Feature Articles

April 2013

The Black Mountain (NC) Center for the Arts Offers Works by Stephanie Wilds

The Black Mountain Center for the Arts in Black Mountain, NC, will collaborate with the Swannanoa Valley Museum for its 2013 opening with an exhibit of art quilts by Stephanie Wilds, on view in the Center’s Upper Gallery from Apr. 13 - 26, 2013.

The Swannanoa Valley Museum opens for the season on Saturday, Apr. 13 at 10am with several new exhibits, including “Music, Song, and Dance: Origins and Traditions in Western North Carolina,” the 2013 theme for WNC’s Museums In Partnership. The exhibit will feature the history of music in the Swannanoa Valley, including information on notable local musicians, a display of vintage instruments, and several listening stations for historic recordings. Admission to the Museum is free on opening day.

Stephanie Wilds offers the following about her quilts, “I never saw an art quilt before I made one. My first quilt came out of a particular need: I had a big wall space that needed filling, I needed something that could mitigate sound, and I was skilled with needle and thread. Through that quilt (Musical Mountains) I discovered art quilting and the quilt-oriented shops, books, classes, and exhibits that are abundant in this area.”

Since catching the quilting bug in 2005, Wilds has followed her passions, but not necessarily the rules. While traditional pattern quilting has a strong ethos with regard to materials and techniques, art quilting is a relatively new and unrestrained area, combining a wide range of needle arts, as well as paint, ink, new fabric materials, and computer-generated graphics. “A quilting friend once told me that there are no rules, that I could do what I want, and I’ve taken her at her word,” says Wilds.

Wild’s passions are broad, but tend to focus on music, landscapes, and animals. Though some of her imagery is purely creative, she mostly enjoys working from photographs. “I love the challenge of taking reality and turning it into two-dimensional fabric. If someone shows me a wonderful photograph, of a scene view, or a dog at play, my first thought is, how would I make a quilt out of that? Of course, printing the image on fabric would be the easy way, but, what I do is much harder and so much more fun.” She has recently extended her interests to interpreting vintage photography, including the “Swannanoa String Band 1895” photo that is the basis of the current exhibit at the neighboring Swannanoa Valley Museum.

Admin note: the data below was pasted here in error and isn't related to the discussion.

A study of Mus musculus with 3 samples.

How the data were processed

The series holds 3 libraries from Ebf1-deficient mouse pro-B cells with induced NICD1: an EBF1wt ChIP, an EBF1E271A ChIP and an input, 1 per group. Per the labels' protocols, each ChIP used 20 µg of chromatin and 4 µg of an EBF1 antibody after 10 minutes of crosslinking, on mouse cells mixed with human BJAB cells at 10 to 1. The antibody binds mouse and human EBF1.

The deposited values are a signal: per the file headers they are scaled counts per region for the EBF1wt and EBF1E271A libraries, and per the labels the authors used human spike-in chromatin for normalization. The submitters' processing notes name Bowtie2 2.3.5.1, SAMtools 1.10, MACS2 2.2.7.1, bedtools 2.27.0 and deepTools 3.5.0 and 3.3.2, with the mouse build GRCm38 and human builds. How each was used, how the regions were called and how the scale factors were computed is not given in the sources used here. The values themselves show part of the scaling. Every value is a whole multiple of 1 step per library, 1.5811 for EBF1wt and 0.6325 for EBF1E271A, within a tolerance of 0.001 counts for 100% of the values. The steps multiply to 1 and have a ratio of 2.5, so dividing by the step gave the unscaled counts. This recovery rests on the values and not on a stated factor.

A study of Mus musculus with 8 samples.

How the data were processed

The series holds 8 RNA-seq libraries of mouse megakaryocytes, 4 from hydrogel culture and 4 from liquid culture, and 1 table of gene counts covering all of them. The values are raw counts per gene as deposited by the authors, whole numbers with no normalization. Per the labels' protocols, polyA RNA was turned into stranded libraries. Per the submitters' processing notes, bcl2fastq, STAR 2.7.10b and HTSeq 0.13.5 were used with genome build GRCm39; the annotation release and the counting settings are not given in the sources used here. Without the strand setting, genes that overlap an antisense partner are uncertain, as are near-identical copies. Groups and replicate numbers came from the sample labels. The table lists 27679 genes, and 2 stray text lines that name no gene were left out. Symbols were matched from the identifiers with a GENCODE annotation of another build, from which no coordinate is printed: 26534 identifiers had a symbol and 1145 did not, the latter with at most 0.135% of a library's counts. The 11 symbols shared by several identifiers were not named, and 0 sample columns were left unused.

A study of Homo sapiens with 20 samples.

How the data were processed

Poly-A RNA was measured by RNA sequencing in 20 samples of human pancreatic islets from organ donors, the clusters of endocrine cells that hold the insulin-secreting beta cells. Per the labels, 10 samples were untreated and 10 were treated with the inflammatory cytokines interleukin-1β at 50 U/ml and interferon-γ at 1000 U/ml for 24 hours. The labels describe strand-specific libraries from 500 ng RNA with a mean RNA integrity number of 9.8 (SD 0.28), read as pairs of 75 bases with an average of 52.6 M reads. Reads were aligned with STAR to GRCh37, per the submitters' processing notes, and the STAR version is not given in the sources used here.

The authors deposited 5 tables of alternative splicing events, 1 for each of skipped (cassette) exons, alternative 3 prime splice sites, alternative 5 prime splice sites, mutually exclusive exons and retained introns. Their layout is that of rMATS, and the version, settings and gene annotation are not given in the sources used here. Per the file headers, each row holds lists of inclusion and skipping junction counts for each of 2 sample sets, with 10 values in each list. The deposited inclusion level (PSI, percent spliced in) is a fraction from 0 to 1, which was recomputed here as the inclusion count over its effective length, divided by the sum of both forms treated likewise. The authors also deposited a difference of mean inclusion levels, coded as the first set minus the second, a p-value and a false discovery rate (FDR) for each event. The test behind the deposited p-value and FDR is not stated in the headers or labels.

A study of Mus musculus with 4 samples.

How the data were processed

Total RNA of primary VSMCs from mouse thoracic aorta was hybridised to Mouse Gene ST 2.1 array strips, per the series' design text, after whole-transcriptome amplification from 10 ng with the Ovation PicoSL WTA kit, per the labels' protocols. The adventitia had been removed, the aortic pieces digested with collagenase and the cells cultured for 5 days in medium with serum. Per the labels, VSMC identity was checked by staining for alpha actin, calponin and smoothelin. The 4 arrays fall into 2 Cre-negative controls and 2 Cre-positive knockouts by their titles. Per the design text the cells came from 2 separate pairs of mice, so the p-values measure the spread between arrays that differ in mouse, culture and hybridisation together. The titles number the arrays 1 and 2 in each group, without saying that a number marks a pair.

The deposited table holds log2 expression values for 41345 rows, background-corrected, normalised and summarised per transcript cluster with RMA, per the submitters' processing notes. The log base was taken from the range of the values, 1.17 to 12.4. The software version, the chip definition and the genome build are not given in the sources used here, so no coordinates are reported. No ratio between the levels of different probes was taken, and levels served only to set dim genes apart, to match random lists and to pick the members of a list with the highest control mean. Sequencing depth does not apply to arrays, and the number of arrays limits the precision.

Besides the obvious palette of colors and patterns available in quilt fabrics, Wilds relies on a variety of techniques to articulate her subjects, including embroidery, appliqué, pen-and-ink, and free-form quilting. She does almost everything by hand, limiting machine-work to background piecing, borders, and small amounts of appliquéd machine ‘thread-painting.’ Each piece usually takes from two to six months to complete, limiting her production to a maximum of three or four quilts per year. “I love doing handwork; it gives me time to think about what I’m doing, and lends itself to a certain intimacy with each piece.” For photographic images of people, however, she relies on a technique she learned from fiber artist Marilyn Wall at John C. Campbell Folk School, which involves some digital photo editing, four shades of fabric, fusible material, and some very sharp scissors.

Blessed with a grandmother and a mother who taught her to sew, Wilds has already enjoyed a lifetime of various needlecrafts. Though she comes from a family of professional artists, she turned to science and nature for her first career, as a landscaper and later as an environmental consultant in land management. Hailing originally from the Sandhills region of South Carolina, she has called Black Mountain her home for the past fifteen years. Along with her husband Tom Fellenbaum, she owns and manages Acoustic Corner, a stringed instrument Mecca for Black Mountain, where she also restores and repairs violins.

For further information check our NC Institutional Gallery listings, call the Center at 828/669-0930 or visit (www.blackmountainarts.org).